Professor Carron Shankland to receive Suffrage Science award at Bletchley Park

Posted by Stephanie Broad | October 09, 2016 | Technology

A University of Stirling computer scientist is to be recognised as part of an initiative to celebrate women in maths and computing for their achievements and ability to inspire others.

Carron Shankland, Professor of Computing Science, will receive a Suffrage Science award at Bletchley Park, the famous World War Two site where the enigma code was cracked.

Organised by the Medical Research Council, the awards are presented to 12 female scientists and will be held on Ada Lovelace Day: Tuesday 11th October. This international day recognises women in science, technology, engineering and maths.

Passionate about the promotion of careers in science for women, Professor Shankland successfully led the University to its bronze Athena SWAN institutional award recognising good practice in gender equality in higher education.

She is now working to launch a national network to promote gender equality in Computer Science supported by the BCS, the chartered institute for Information Technology.

To any young women considering a career in computing I say: go for it. Computing is a very exciting discipline, which interacts with almost every part of our lives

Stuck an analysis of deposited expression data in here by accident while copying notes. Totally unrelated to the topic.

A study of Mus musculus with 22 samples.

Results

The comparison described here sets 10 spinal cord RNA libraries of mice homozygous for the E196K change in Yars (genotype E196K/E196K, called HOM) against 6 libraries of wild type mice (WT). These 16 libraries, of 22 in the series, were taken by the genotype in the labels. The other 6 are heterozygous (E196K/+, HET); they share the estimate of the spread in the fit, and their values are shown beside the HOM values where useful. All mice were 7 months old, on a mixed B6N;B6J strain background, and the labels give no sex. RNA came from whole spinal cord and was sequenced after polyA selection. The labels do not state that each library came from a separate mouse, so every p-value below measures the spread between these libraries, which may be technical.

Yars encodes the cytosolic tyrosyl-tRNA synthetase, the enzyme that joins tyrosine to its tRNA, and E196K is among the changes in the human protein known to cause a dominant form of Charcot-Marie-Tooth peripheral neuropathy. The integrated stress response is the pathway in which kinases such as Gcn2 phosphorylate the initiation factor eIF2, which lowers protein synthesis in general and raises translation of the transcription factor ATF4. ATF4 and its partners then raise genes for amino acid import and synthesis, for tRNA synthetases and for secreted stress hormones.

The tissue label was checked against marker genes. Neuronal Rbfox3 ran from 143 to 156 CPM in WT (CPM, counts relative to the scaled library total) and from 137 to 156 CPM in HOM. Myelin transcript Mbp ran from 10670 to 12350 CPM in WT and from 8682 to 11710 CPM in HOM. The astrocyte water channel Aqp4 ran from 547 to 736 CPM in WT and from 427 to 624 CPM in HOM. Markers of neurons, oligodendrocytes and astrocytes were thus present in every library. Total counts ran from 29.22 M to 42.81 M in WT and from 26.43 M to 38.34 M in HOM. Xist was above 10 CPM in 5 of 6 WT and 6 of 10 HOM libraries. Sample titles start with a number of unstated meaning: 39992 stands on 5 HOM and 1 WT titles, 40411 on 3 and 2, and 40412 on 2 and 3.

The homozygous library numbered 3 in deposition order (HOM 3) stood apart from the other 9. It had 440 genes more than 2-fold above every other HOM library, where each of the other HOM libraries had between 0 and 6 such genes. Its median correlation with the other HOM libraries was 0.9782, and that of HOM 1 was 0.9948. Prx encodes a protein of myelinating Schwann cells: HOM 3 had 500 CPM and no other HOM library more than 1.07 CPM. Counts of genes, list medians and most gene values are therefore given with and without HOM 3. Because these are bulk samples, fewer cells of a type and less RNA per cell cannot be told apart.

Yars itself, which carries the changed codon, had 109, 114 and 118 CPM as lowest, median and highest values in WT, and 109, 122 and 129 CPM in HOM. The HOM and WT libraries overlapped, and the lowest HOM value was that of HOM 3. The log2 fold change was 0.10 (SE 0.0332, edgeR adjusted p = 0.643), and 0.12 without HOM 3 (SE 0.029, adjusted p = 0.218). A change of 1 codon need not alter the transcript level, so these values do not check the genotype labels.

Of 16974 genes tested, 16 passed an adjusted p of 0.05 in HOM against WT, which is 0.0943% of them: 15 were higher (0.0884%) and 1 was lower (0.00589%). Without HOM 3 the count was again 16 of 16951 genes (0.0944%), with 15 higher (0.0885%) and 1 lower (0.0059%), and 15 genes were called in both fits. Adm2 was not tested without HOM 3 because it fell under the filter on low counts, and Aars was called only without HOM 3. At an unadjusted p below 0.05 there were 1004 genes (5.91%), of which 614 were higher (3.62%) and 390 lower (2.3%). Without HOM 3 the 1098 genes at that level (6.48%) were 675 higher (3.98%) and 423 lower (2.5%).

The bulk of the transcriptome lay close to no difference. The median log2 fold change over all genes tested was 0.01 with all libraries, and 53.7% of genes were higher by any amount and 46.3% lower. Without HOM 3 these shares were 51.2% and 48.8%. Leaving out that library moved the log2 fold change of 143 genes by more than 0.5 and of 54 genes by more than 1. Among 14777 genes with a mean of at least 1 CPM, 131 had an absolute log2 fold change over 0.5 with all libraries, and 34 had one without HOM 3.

Leading by example, Professor Shankland is hopeful that raising the profiles of women in computer science will inspire future generations of girls to get involved: “Hopefully the Suffrage Science awards will allow teachers to use us as exemplars to hold up in classrooms and say ‘Look, here is a woman who is in computing and you could be like her too’.

“To any young women considering a career in computing I say: go for it. Computing is a very exciting discipline, which interacts with almost every part of our lives. You can be a games programmer, a web developer or work with medical sciences to test new drugs. The options are endless.”

Carron’s own research includes creating computational models of biological systems to tackle questions such as ‘how does disease spread?’, and ‘how do cancer cells interact?’ 

This is the first time the Suffrage Science scheme has awarded to women in maths and computing, having previously celebrated females in the life sciences, engineering and the physical sciences.

Professor Shankland, who is also Chair of the BCS Women in Computing Research group, added: “It’s great to give back and help get more women involved in the discipline. At Stirling, we've organised Science Fairs, and a very successful Science Cabaret, under the ScienceGrrl banner to show that a career in science is creative and exciting, and available to everyone.” 

The award Professor Shankland will receive is a piece of jewellery, designed by students at the arts college Central Saint Martins-UAL, and inspired by science.